What has the publishing industry put in the water? This spring heralds the arrival of not one but two memoirs by prominent lesbian writers: Jeanette Winterson’s Why Be Happy When You Could Be Normal? and Alison Bechdel’s Are You My Mother?
In this week’s issue of the magazine, I write about those memoirs and about my own formative first encounter with Winterson’s coming-out novel, Oranges Are Not the Only Fruit. That was back when I was coming out myself, and queer literature was a revelation: taboo yet affirming, illicit yet requisite, totally comforting, totally hot. At the time, I couldn’t get enough of it. Almost twenty years later, as I settled down with the Winterson and Bechdel memoirs, I realized something startling: I couldn’t remember the last time I’d read a coming-out story, or even anything specifically queer.
For one thing, I changed. Somewhere along the line, I stopped needing to see my sexual orientation reflected in the books I read, even though I continue to believe such cultural visibility is important. In Are You My Mother? Bechdel quotes Adrienne Rich, the fearless, fearsome lesbian feminist poet who died last week:
“I naturally absorbed ideas about women, sexuality, power from the subjectivity of male poets. … The dissonance between these images and the daily events of my own life demanded a constant footwork of imagination, a kind of perpetual translation, and an unconscious fragmentation of identity: woman from poet.”
I understand that. I agree with that. And I believe that the western canon as conventionally construed — i.e., conventionally — impoverishes everyone. Still, not long after I came out, I came to terms with another fact about myself: I friggin’ love the western canon. I have, as it turns out, the literary tastes of Harold Bloom. (Not exclusively those tastes, to be sure. I will eat my hat if Bloom relished, say, Sarah Waters’s Tipping the Velvet, as I do, but still.)
In Why Be Happy, Winterson argues that, “Reading things that are relevant to the facts of your life is of limited value.” That claim makes me nervous, because it’s easily used to make the case for a narrower rather than a broader literary culture. (I think of it as the “We Are All Holden Caulfield!” defense, which is even more likely than Radclyffe Hall’s The Well of Loneliness to make me want to throw myself out a window.) Yet I know what Winterson means. I still thrill to moments of identification while reading, but identification, like identity, is a many-splendored thing. These days, I read for a different kind of rapport: for the moment when a writer, regardless of era, origin, or identity, expresses an experience with such precision that it illuminates or enlarges my own life. That moment of recognition — ah, you too? — strikes me, now, as literature’s most radical possibility.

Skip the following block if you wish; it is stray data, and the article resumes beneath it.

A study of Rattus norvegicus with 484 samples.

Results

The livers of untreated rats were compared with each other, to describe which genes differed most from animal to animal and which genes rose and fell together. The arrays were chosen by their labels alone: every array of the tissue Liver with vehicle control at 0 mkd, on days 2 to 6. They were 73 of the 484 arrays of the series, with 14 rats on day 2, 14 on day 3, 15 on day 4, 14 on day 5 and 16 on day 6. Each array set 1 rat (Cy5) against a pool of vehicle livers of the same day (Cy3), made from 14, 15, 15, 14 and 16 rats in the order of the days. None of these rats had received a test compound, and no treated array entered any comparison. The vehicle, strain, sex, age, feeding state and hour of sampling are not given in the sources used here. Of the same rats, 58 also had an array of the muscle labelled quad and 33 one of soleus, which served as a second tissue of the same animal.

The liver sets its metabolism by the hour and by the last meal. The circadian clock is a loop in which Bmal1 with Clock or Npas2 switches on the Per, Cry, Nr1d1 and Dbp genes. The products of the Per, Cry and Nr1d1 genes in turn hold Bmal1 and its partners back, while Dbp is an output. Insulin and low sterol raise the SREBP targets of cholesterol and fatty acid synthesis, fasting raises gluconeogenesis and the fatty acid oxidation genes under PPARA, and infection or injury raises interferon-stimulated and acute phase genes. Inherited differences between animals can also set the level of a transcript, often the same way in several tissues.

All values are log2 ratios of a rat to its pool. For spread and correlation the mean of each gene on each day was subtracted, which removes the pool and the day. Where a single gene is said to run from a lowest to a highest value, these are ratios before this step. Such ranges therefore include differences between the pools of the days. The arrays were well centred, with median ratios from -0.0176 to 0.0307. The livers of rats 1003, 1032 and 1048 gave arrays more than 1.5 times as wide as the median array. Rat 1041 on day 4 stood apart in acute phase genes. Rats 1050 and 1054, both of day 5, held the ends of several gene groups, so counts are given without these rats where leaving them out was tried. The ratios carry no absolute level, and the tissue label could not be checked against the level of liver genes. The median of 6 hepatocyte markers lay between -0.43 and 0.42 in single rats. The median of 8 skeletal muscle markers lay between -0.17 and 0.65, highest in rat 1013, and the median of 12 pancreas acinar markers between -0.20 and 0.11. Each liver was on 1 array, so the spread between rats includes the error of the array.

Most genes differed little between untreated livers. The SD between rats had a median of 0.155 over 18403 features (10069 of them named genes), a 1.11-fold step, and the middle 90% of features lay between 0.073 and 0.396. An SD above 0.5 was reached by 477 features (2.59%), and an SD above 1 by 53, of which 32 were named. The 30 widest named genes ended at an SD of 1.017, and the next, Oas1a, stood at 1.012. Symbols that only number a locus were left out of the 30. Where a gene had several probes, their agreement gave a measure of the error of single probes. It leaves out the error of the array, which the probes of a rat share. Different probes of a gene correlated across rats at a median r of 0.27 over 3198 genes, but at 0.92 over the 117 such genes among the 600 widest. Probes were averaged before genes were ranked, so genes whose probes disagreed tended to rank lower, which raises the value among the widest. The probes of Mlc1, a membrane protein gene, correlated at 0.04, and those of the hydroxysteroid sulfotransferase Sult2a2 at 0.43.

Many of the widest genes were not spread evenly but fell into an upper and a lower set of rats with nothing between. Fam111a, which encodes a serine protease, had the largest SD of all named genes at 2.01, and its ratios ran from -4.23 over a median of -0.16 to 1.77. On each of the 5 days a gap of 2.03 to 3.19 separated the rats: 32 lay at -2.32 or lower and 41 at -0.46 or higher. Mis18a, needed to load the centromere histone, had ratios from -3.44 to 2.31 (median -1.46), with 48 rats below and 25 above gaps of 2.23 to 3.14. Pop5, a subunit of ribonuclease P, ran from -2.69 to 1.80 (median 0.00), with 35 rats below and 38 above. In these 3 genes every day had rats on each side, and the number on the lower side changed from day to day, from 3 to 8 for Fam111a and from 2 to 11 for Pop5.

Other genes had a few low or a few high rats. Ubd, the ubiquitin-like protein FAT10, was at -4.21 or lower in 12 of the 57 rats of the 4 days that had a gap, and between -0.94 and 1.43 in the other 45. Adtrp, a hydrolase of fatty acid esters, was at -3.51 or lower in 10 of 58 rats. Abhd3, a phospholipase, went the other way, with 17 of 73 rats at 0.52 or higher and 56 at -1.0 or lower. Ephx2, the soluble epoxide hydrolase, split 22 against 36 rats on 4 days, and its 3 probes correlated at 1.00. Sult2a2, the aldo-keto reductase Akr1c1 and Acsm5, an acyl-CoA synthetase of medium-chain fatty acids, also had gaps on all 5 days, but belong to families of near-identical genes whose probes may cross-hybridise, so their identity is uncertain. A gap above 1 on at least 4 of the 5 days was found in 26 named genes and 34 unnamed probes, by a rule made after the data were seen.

Still, if I changed, so did the culture at large. The first panel of Dykes to Watch Out For — Bechdel’s unfailingly astute lesbian comic strip — came out in 1983. Oranges came out in 1985. I came out in 1993. All of that was pre-Ellen, pre-DADT, pre-post-DADT, pre-gay-marriage, pre–Rachel Maddow, definitely pre-hot-lesbian-cop-on–The Wire. The eighties and nineties were hardly the worst decades in U.S. history to be queer, but the years that followed brought swift improvements in everything from laws and policies to cultural representations. Society recapitulates ontogeny, apparently: It Got Better.
Inevitably, those changes in queer culture also changed queer literature. The coming-out story might be to the late twentieth century what the marriage plot was to Victorian times: a story line made relevant by social conventions, often repressive ones — and then, as those conventions eroded, made irrelevant again. (Of course, the culture changed in part because of those stories; in effect, the storytellers put themselves out of business. “When all of a sudden the New Yorker starts running these blasé post-gay cartoons,” Bechdel writes, “I feel like, Fuck! What have I been doing with my life?”) Queer people still narrate their experience of coming out, obviously; but as a genre, at least in serious adult literature, the coming-out story appears to be on the wane.
Certainly, neither Are You My Mother? nor Why Be Happy qualifies as a coming out story. Twenty years ago, both Bechdel and Winterson were telling stories whose content, readership, and reception were profoundly influenced by the fact that they were lesbians. I’m the last person on earth to lament the presence of lesbians in literature, as both characters and authors. Still, it’s a pleasure to return to these writers and find them telling what might be called post-coming-out stories: books where the interrogation of selfhood ranges so far beyond being queer that it arrives at simply being. How did I become who I am? How do we account for something as complex and mysterious as selfhood? What is a “self,” anyway?
These, clearly, are questions for all of us. There’s a passage in Bechdel’s memoir where her mother is complaining about confessional poetry. “Who cares?” she asks, of the poet’s life. “It’s too specific.” Bechdel challenges her: “Can’t you be more universal by being specific?” Her mother doesn’t answer that question. These memoirs do: you can.